Carnival of Souls

Island Art is a World Apart

By John Barry | Posted 2/20/2002

Madison Smartt Bell: Haitian Art & Literature

Paper Rock Scissors through March 31

It's opening night of the Madison Smartt Bell-organized exhibit of Haitian paintings at Hampden's Paper Rock Scissors, and the Baltimore-based novelist and Goucher College professor is getting peppered with questions about the two unmarked floor displays at opposite corners of the gallery. Between giving brief lessons in Creole and signing copies of his books, Bell--who has written two volumes in a projected trilogy of novels based in Haiti ( All Souls' Rising and Master of the Crossroads)--explains that these are vaudou altars, each representing a separate strand of the Haitian religion.

One small setup, including religious figurines and crosses, is for "devotional" rites. The other altar, which includes a large broken cigar and the jawbone of an unidentified mammal, is for "manipulative" rites, which worshippers use to entangle, extort, bewitch, debunk. The dichotomy is important. In this exhibit of 51 small but intensely rendered paintings, there are wild variations in subject and style. In Bell's words, there are elements of "sweetness and light." There are also elements that are best left alone.

For the last five years, Bell has been importing sackfuls of brightly colored oil-and-acrylic paintings by Haitian artists such as Guidel Présumé, Armand Fleurimonde, Edouard Jean, Emales Délis, Gary Dorcinville, Fabien, Casimir, Alen Rey, and others from the Haitian artists cooperative AJAPCA. He resells them at "fair price" and sends all the proceeds back to Haiti. It's a drop in the bucket, he admits, given the desperate conditions in a country where the decline in tourism has dried up the art market. But "if you don't give up, you can do something for them," Bell says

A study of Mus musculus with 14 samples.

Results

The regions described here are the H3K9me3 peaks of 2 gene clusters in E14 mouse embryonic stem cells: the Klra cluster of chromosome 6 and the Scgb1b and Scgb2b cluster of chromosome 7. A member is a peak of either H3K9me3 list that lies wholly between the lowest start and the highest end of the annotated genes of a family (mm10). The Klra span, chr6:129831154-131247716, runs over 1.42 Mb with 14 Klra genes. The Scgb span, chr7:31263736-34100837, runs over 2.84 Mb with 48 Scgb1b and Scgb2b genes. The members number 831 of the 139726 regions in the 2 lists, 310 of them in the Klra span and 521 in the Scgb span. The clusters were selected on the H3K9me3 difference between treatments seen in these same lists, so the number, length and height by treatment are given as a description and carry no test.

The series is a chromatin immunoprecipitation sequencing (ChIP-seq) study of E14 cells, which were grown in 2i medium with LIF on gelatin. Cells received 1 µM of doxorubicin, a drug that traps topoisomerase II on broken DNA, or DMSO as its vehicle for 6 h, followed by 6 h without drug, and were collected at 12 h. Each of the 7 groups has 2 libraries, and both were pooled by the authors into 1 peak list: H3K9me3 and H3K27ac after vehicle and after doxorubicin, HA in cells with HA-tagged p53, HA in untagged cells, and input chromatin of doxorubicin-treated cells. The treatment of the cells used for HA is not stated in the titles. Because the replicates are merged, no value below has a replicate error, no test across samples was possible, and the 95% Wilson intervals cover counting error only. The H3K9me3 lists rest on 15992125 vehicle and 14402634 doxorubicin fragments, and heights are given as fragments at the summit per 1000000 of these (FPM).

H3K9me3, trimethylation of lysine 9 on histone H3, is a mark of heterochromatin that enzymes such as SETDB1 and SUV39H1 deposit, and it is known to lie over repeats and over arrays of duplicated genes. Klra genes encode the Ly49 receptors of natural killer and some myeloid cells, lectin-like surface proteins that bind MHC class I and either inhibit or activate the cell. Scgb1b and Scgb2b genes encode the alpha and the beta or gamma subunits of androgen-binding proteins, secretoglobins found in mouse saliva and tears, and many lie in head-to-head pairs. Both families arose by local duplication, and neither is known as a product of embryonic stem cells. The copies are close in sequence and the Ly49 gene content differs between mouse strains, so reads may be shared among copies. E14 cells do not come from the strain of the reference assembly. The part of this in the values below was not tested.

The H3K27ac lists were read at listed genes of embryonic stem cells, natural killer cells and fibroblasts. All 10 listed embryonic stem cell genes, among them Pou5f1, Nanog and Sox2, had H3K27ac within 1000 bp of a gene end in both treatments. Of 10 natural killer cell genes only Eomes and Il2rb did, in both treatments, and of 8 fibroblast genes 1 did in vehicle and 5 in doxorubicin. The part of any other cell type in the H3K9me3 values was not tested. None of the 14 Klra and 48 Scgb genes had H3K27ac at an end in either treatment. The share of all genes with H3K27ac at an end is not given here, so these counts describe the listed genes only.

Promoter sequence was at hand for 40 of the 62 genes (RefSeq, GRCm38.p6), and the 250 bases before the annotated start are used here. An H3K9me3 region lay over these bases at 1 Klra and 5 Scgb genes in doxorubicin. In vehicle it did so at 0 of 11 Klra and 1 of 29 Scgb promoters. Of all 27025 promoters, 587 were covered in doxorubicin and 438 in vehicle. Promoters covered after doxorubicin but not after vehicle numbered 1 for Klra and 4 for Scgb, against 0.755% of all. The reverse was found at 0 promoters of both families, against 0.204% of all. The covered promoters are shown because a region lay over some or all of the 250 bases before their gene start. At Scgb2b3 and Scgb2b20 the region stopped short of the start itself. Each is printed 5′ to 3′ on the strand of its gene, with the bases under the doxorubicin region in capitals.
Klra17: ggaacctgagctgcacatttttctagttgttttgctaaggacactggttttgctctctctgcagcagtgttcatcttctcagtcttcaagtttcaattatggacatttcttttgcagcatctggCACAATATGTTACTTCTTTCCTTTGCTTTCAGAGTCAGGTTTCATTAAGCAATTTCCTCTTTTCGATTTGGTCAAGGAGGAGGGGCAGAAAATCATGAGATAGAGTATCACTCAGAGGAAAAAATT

None of the Haitian artists is present, and there's little background information on them, which makes it difficult to figure out where to place these painters in the context of Haitian art. But these paintings have elements that distinguish Haitian art from that of its Caribbean neighbors: "the hard strength of culture developed in isolation," as Bell says, and the "direct-connection impulse," which has its roots in Haiti's vaudou beliefs.

Présumé's "Damballah ak Demons" is a striking introduction to that impulse--a twisting convolution of snakes and human heads growing out of a red altar. As the first painting in the exhibition, it's a warning sign: The range of subjects and approaches in this exhibit is intimidating for anyone who attempts identifying personal styles. "If you were Haitian, maybe art was less about individual self-expression and aggrandizement of the artist's ego and more about doing whatever work most needed to be done," Bell says. The sparkling white cotton fields of Présumé's "Recolte du Coton" bear comparison to van Gogh. Meanwhile, his "Flora del Sol" offers a naked woman on a rooftop, a blossoming plant growing out of her decapitated upper body. There are Présumé scenes of whippings in the dark ("Affair de Nuit") and conventional landscapes ("La Citadelle"). Some you would want on your wall, others you wouldn't. "Equilibre" offers a precarious middle ground--against the peaceful background of a village street, a small boy balances on a stone in the road. Behind him stands a crouching man, and behind the man a young girl in red dress.

While other artists in the show limn gentle landscapes and village scenes, a few cross the line into depictions of people in the grips of spiritual possession. Regis' "Tabons Grande Excorcis" occupies a violent, disembodied world, a vortex of shapes and energies. Fabien's painting "Les Anonymes" is a melting, swirling mixture of figures and demonic stares that seems to take shape in front of the viewer, a little like some of Arshile Gorky's work or Marc Chagall's petty demons. Also striking is Casimir's two-part work "Scene de Marche Imaginaire," a mix of colorful crowd scenes and haunted, wide-open eyes.

The effect of these carefully rendered paintings can get a little confusing at points, but one old Haitian saying stands out: "All things are possible, if God wishes them so." These Haitian painters--with their crossings and re-crossings of the division between the worlds of the living and the dead, the altars of devotion and manipulation--are stretching the realm of what we call possible.